At a Sept. 20 public hearing Santa Rosa County Commissioners will decide whether or not to levy a roughly $2.1 million increase in property taxes.
Commissioner Chairman Lane Lynchard said the 6.0953 millage rate will remain the same it has been for around eight years. “Any increase in property tax revenue is due to new construction and increased values,” he said.
However, according to Santa Rosa County Property Appraiser Greg Brown, there will be a tax increase if the board does not “roll back” the millage rate to keep property tax revenues at the same amount next year.
Last year’s actual property tax levy on citizens totaled $49,127,267.
The proposed tax levy for this year is $51,238,175, which adds up to a $2,110,908 increase if the current 6.0953 millage rate is not rolled back to a 5.9939 rate.
“In order to earn the same amount of money they did last year, they have to reduce the millage rate. So it is in fact a tax increase,” Brown said.
Sharon Glass, one of the leaders of the Santa Rosa Tea Party Patriots, said she thought it was a mistake when she read the Sept. 14 notice of the proposed tax increase.
“Commissioners have told us many times, no ‘property tax’ increases. On August 31st the majority of voters in this county approved a 1/2 cent sales tax. Add that to all of the other ‘taxes’ retained or approved, so why are they increasing the property taxes,” she said.
“I suggest if you have property in Santa Rosa County you might want to show up at this meeting,” Glass said.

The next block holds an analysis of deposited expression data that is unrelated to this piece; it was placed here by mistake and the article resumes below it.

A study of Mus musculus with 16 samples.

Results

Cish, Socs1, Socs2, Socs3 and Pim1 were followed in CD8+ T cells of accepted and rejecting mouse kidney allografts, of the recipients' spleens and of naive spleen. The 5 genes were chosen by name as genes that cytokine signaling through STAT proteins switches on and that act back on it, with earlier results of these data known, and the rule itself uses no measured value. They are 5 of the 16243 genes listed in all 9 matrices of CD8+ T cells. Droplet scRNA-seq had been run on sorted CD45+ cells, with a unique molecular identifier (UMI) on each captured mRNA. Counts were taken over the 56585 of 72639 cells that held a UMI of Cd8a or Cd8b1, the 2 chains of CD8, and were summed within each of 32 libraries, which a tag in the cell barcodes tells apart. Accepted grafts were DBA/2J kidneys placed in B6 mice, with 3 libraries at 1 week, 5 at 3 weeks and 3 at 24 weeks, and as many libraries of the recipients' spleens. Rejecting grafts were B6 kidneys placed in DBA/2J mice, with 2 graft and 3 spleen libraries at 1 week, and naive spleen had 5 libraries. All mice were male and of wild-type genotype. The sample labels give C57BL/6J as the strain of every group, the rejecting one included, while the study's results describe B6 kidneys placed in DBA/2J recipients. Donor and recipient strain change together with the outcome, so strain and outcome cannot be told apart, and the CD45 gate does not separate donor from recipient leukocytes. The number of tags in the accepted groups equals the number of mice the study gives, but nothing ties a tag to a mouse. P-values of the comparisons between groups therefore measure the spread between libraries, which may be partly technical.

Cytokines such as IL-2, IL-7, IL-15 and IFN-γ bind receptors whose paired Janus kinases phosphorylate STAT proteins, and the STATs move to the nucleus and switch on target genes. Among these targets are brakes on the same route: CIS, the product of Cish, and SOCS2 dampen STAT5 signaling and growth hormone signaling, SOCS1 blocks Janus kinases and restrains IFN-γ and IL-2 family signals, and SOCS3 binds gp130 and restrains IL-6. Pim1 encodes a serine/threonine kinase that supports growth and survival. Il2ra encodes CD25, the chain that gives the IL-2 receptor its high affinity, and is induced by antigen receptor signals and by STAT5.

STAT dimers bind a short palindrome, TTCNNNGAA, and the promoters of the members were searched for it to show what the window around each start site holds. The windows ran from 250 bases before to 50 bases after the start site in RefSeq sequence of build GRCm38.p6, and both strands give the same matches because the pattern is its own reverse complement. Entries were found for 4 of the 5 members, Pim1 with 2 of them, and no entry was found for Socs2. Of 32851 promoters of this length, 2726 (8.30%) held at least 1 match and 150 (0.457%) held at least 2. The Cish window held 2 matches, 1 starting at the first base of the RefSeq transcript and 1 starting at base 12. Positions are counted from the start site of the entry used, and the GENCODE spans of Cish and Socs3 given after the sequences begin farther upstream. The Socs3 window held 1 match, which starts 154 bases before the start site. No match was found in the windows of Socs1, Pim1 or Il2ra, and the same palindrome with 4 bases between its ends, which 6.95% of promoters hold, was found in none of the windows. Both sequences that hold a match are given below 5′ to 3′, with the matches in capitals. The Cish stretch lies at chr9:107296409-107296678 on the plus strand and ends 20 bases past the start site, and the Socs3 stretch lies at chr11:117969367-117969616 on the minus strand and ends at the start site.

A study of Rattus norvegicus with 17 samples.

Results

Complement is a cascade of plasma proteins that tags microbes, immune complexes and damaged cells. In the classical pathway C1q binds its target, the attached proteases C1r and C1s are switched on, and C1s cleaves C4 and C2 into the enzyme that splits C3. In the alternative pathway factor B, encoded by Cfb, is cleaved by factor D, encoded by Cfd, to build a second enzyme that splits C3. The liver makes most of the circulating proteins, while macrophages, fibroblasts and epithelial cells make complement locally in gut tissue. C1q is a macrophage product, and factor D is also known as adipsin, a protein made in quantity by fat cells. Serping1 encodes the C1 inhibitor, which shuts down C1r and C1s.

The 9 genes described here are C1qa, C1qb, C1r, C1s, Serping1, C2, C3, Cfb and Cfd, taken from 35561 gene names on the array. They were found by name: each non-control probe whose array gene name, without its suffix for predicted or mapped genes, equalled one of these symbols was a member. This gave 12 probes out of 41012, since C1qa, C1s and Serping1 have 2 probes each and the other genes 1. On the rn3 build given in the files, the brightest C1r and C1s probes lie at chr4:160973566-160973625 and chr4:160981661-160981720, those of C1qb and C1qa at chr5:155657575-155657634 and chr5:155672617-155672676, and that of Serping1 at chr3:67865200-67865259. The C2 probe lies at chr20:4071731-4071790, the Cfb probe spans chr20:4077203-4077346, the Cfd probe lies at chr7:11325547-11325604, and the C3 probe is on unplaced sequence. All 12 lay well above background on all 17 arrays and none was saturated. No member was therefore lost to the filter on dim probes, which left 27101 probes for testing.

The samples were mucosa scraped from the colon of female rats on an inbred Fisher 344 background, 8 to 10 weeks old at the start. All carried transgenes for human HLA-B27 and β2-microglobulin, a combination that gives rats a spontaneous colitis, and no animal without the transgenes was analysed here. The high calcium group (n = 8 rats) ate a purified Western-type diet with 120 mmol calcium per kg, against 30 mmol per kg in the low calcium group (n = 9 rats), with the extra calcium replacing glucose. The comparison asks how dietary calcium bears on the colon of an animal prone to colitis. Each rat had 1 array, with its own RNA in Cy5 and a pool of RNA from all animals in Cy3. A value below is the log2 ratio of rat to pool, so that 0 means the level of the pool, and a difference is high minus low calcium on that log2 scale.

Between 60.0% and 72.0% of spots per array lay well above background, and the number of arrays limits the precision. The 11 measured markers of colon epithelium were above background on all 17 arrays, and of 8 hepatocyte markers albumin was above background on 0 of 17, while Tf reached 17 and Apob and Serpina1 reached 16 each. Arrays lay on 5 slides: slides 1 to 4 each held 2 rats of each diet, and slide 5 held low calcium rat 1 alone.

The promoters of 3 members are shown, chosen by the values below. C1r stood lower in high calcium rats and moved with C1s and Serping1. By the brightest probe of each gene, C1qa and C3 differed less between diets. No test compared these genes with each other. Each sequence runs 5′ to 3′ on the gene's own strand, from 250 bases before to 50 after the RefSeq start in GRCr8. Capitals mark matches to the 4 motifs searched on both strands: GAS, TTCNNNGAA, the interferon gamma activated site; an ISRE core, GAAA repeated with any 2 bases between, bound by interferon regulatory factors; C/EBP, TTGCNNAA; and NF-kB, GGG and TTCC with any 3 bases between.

The hearing is scheduled to begin at 6 p.m. and will take place at the Santa Rosa County Administrative Complex located at 6495 Caroline Street in Milton.
At the Sept. 20 hearing the board will also approve the 2016-2017 budget, which includes a proposed $115,000 per year Assistant County Administrator position the county has not had before.
Although there is only one new law enforcement position included in the upcoming county budget, there are five new positions planned for the Board of County Commissioners.
Those new positions include: an Environmental Program Manager, administrative assistant, plumbing/gas/mechanical inspector and two equipment operators.
According to Human Resources Manager DeVann Cook, 13 existing Board of County Commissioner positions which have been vacant are also “slated to be filled.” He said only one vacant position for an administrative assistant position in Engineering will be lost through attrition by not being filled.
Additionally, County Administrator Tony Gomillion, who is compensated $135,720 annually and receives a $500 per month travel allowance, has decided to create the new $115,000 Assistant County Administrator position instead of filling his former position.
Gomillion formerly served as Public Services Director and earned $111,404.80. That position was not filled when he assumed the county administrator’s job in January.
“Will be advertised thorough our associations similar to the County Administrator outreach. Goal would be to complete the process before the end of the year for January 2017 start,” he said Wednesday.
Gomillion was unable to provide specifics on the new position’s job requirements, stating he has he hasn’t yet created those but stated they will be “similar” to the administrator’s job.
Okaloosa County’s Deputy County Administrator Kay Godwin earned a Master’s Degree in Human Resources and served as the county’s human resources director prior to being promoted. She also holds Certified Public Manager certification.